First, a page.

After a quiet start to the month, September 2019 will be remembered ultimately as a very volatile month, though by the end prices were only up a few percent for electricity and a bit more for gas.
Three, potentially very bullish, pieces of news hit the market all at the same time and really tested the resolve of what had been an increasingly weak market, from a structural, technical and fundamental perspective. As the market was starting to recover from this news, it was followed by news of a drone attack on a Saudi Oil facility. Initially prices were buoyed but as the market digested the news, and the reality of the extent of the various news items was established, prices stabilised somewhat.
By the end of the month, the forward curves for rolling-annual prices, while a bit higher than last month at the prompt end of the curve, were only showing a modest change in structure, if any real change at all. The developing contango has halted, though this indicates a ‘pause for thought’ in sentiment rather than a clear change.
Nevertheless, we are still experiencing the consequences of the very comfortable European gas inventory position, which shows no sign of abating; fundamentally, despite all the bullish news, the UK/EU markets still look well supplied, albeit sentiment is confused.
UK Gas, the market that responded most to the various news items, ended September 2019 about 6-10% up. Some of this was just due to greater demand as we move in to autumn, and some was a risk premium as a direct consequence of the various news items, which in one way or another all had a potential supply/demand impact. Nevertheless, EU gas storage volumes have remained historically high, so (day-ahead) spot gas prices stayed low (in the range 20-30p/therm), and LNG deliveries to EU have continued to pick up.
With gas supply good, it will take some sort of serious supply or demand shock to seriously reverse sentiment – the potential is there with the issues reported:
- Early curtailment of supply from Groningen
- Restriction in Gazprom’s pipeline supply access to Europe
- Potential shut-down of French Nuclear power Generation
- Potential shut-in of Saudi Oil supply due to drone attack
However, to date none of these issues have resulted in the potential impact feared by the news media, though there is no doubt the market has been spooked and a risk premium remains. As a consequence, we have seen a partial reduction in the contango though no sentiment reversal at this time. In reality, we will have to wait and see over the next month for longer term direction – as more time goes by, without further escalation of the issues, the greater the chances we revert to the previous weak sentiment.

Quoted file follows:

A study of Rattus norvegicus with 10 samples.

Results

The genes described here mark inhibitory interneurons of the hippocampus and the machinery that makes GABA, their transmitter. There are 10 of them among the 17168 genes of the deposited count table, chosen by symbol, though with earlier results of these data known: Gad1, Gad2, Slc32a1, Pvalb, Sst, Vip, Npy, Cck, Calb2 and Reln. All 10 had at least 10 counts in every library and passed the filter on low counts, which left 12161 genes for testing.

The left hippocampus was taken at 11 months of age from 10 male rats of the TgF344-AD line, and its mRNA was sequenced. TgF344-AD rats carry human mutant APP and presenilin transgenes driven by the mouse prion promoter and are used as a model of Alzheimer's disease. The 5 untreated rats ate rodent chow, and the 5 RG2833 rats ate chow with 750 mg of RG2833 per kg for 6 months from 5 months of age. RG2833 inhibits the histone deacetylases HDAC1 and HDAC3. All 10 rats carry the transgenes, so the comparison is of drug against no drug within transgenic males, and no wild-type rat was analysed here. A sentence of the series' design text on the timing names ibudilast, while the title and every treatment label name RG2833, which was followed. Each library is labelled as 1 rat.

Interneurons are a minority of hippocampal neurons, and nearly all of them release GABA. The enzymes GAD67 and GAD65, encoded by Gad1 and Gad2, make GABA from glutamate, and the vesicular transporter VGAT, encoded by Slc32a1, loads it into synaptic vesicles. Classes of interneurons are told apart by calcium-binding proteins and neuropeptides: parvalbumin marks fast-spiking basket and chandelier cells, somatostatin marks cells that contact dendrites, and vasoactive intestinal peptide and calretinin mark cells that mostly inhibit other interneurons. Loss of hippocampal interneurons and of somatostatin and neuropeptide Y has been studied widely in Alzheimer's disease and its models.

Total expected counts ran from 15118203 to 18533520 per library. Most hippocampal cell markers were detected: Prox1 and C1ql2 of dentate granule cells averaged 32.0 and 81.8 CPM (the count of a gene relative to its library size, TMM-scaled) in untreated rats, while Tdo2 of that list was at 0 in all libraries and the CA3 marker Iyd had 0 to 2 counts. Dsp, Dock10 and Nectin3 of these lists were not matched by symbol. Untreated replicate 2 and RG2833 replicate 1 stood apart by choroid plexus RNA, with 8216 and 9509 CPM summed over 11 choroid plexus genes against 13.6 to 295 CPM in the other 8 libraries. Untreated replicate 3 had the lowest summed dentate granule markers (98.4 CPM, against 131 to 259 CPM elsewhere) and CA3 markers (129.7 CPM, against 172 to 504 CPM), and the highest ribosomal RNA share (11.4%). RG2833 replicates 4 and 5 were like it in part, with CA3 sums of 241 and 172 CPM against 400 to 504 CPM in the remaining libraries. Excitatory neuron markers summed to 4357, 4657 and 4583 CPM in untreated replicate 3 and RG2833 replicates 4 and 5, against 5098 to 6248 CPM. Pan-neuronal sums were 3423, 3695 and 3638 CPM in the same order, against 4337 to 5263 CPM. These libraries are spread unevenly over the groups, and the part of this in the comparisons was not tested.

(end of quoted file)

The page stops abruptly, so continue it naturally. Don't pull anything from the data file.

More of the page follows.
As we move through autumn to winter, the focus on winter forecasts will become increasingly important – currently winter looks to be mild and wet on average though changeable with an on/off cold/mild Winter (December and February mild, yet January and March cold).
UK’s power prices, while they were volatile, did not respond at the extremes that might have been expected, in comparison to gas, when hearing the recent news report. Primarily because, the main power impact was the state of the French Nuclear power plant, which did not appear to be a, so-called, ‘type-fault’ related to the nuclear facility but more an issue related to the more easily accessible steam turbines. Also, coal and CO2 prices, while volatile were not that greatly impacted (ending the month lower in general) and GB£ forex rates improved on the expectation that UK would agree a Brexit deal with EU.
From a structural perspective, sentiment did strengthen marginally, though by end September signals were not indicative of a reversal – like gas we will have to wait and see; we will probably need to see more bullish supply/demand impacts before the market clearly flips to backwardation.
Oil prices were reasonably volatile again during September 2019, driven primarily by the reports of drone attacks on Saudi Oil facilities. At first, reports were that Saudi oil supply could be severely constrained. Furthermore, there was increasing evidence that these attacks were carried out with some Iranian involvement. After the Kingdom of Saudi Aribia quickly reassured the market that no oil shipments would be skipped, and production capacity would be restored, the market stabilised. The market eventually turned decisively bearish by the end of September following a string of economic data and forecasts showing that global economic growth is slowing down.
What’s the outlook?
Market signals are currently rather mixed, with a hint of bearishness, depending where you look. Short-term fundamentals look weak, whereas structural and technical signals are either mixed or in limbo, waiting for further direction. Weather forecasts appear in line with seasonal norms and there are few signs of an early winter – though all of these can change. Politically, most commentators now believe the chances of a no-deal Brexit is low, which is generally supportive for GB£ and dampening on UK’s wholesale energy prices (though it shouldn’t be ruled out that EU lose patience). All in all, it is probable that if the weather forecasts remain as they are, and there is no new bullish news, then the market may revert to a clear weak sentiment, especially as the recent bullish spike will have stopped out many of the traders holding short positions.
Dr Tony West was formerly Director of Trading and Marketing at Innogy (now Npower), Head of Trading at Scottish Power and amongst other senior wholesale trading roles recently advised Gazprom on their power business development strategy.